When the British Parliament was debating in 1765 whether to impose a direct tax on the American colonies through the Stamp Act, Charles Townshend rose in the House of Commons to defend that taxation — and insult the colonists.
"And now will these Americans, children planted by our care, nourished up by our indulgence until they are grown to a degree of strength and opulence, and protected by our arms, will they grudge to contribute their mite to relieve us from the heavy weight of that burden which we lie under?" Townshend asked.
The tone and substance of Townshend's question outraged Col. Isaac Barre, who before serving in Parliament had served with Gen. James Wolfe in the Battle of Quebec — where he survived being shot in the face.
Barre was both intimidating and eloquent.
In his memoirs, Horace Walpole described hearing Barre speak in Parliament for the first time with what Walpole described as "very classic and eloquent diction."
"I turned, and saw a face equally new; a black, robust man, of a military figure, rather hard-favoured than not young, with a peculiar distortion on one side of his face, which it seems was owing to a bullet lodged loosely in his cheek, and which gave a savage glare to one eye," Walpole wrote in a passage memorialized on the History of Parliament website.
Barre's response to Townshend during the Stamp Act debate has been published online by the National Humanities Center.
"They planted by your care? No!" said Barre. "Your oppressions planted them in America. They fled from your tyranny to a then uncultivated and unhospitable country — where they exposed themselves to almost all the hardships to which human nature is liable. ...
"They nourished up by your indulgence?" said Barre. "They grew by your neglect of them: As soon as you began to care about them, that care was exercised in sending persons to rule over them, in one department and another, who were perhaps the deputies of deputies to some member of this House — sent to spy out their liberty, to misrepresent their actions and to prey upon them. ...
"They protected by your arms?" Barre said. "They have nobly taken up arms in your defense, have exerted a valour amidst their constant and laborious industry for the defense of a country, whose frontier, while drenched in blood, its interior parts have yielded all its little savings to your emolument. And believe me, remember I this day told you so, that same spirit of freedom which actuated that people at first, will accompany them still. ...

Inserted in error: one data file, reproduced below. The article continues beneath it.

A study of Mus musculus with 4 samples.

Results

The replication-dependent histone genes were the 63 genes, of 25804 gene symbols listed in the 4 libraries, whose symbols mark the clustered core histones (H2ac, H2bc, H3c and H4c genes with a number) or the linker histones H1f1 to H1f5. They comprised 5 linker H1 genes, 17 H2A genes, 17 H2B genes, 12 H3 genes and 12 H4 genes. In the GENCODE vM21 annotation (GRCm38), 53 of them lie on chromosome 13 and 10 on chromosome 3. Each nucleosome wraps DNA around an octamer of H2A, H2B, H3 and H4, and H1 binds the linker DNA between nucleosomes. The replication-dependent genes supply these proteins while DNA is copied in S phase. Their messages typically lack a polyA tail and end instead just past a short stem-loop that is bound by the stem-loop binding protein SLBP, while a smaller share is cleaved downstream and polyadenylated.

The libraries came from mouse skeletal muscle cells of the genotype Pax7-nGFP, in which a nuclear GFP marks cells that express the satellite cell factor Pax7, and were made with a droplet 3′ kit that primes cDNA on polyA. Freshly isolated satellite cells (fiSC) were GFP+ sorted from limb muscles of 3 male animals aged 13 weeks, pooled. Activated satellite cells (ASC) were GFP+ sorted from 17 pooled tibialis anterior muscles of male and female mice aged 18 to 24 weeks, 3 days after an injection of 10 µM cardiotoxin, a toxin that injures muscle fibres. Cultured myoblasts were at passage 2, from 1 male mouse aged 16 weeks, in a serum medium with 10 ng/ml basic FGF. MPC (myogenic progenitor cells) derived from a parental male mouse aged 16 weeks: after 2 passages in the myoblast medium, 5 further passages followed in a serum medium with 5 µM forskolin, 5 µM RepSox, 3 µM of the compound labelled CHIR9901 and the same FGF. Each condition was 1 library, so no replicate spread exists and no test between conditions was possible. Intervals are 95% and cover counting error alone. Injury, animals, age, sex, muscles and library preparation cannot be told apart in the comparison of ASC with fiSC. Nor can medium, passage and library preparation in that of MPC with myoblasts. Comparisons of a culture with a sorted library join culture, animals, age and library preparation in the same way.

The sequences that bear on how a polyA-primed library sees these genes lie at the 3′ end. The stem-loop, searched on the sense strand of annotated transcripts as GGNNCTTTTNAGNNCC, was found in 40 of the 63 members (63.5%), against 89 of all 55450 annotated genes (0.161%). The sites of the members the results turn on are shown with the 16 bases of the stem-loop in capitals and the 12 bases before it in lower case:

"God knows," Barre said, "I do not at this time speak from motives of party heat, what I deliver are the genuine sentiments of my heart, however superior to me in general knowledge and experience the reputable body of this House may be, yet I claim to know more of America than most of you, having seen and been conversant in that country.
"The people I believe," he concluded, "are as truly loyal as any subjects the King has, but a people jealous of their liberties and who will vindicate them, if ever they should be violated, but the subject is too delicate and I will say no more."
Across the water in Massachusetts, as his fellow colonists reacted with outrage to the Stamp Act, John Adams expressed a similar understanding of the American spirit.
"Let us read and recollect and impress upon our souls the views and ends of our own more immediate forefathers, in exchanging their native country for a dreary, inhospitable wilderness," wrote Adams.
"Let us examine into the nature of that power, and the cruelty of that oppression, which drove them from their homes," he said. "Recollect their amazing fortitude, their bitter sufferings — the hunger, the nakedness, the cold, which they patiently endured — the severe labors of clearing their grounds, building their houses, raising their provisions. ...
"Recollect the civil and religious principles and hopes and expectations which constantly supported and carried them through all hardships with patience and recognition," he wrote.
"Let us recollect," Adams said, "it was liberty, the hope of liberty for themselves and us and ours, which conquered all discouragements, dangers and trials."
Col. Isaac Barre and John Adams understood that American freedom was rooted in the pioneering spirit of its people. They understood it rose from self-reliance.
Americans did not want Parliament to take care of them. They wanted Parliament to refrain from taxing them.
Generations of Americans would bring the pioneering spirit Barre warned Parliament to recognize and respect and Adams called on Americans to remember and re-embrace across the Appalachians, beyond the plains and over the Rockies to the Pacific shore.
Along the way, they would build the world's greatest nation: independent, prosperous and free.
Today, about 40 percent of American babies are born to unwed mothers.
There are more than 42 million on food stamps; 58 million on Medicare; 61 million on Social Security; and 74 million on Medicaid.
With the federal government collecting record tax revenues, the federal debt will soon top $21 trillion.
And our politicians sound more and more like Charles Townshend and less like Isaac Barre.
Terence P. Jeffrey is the editor-in-chief of CNSnews.com.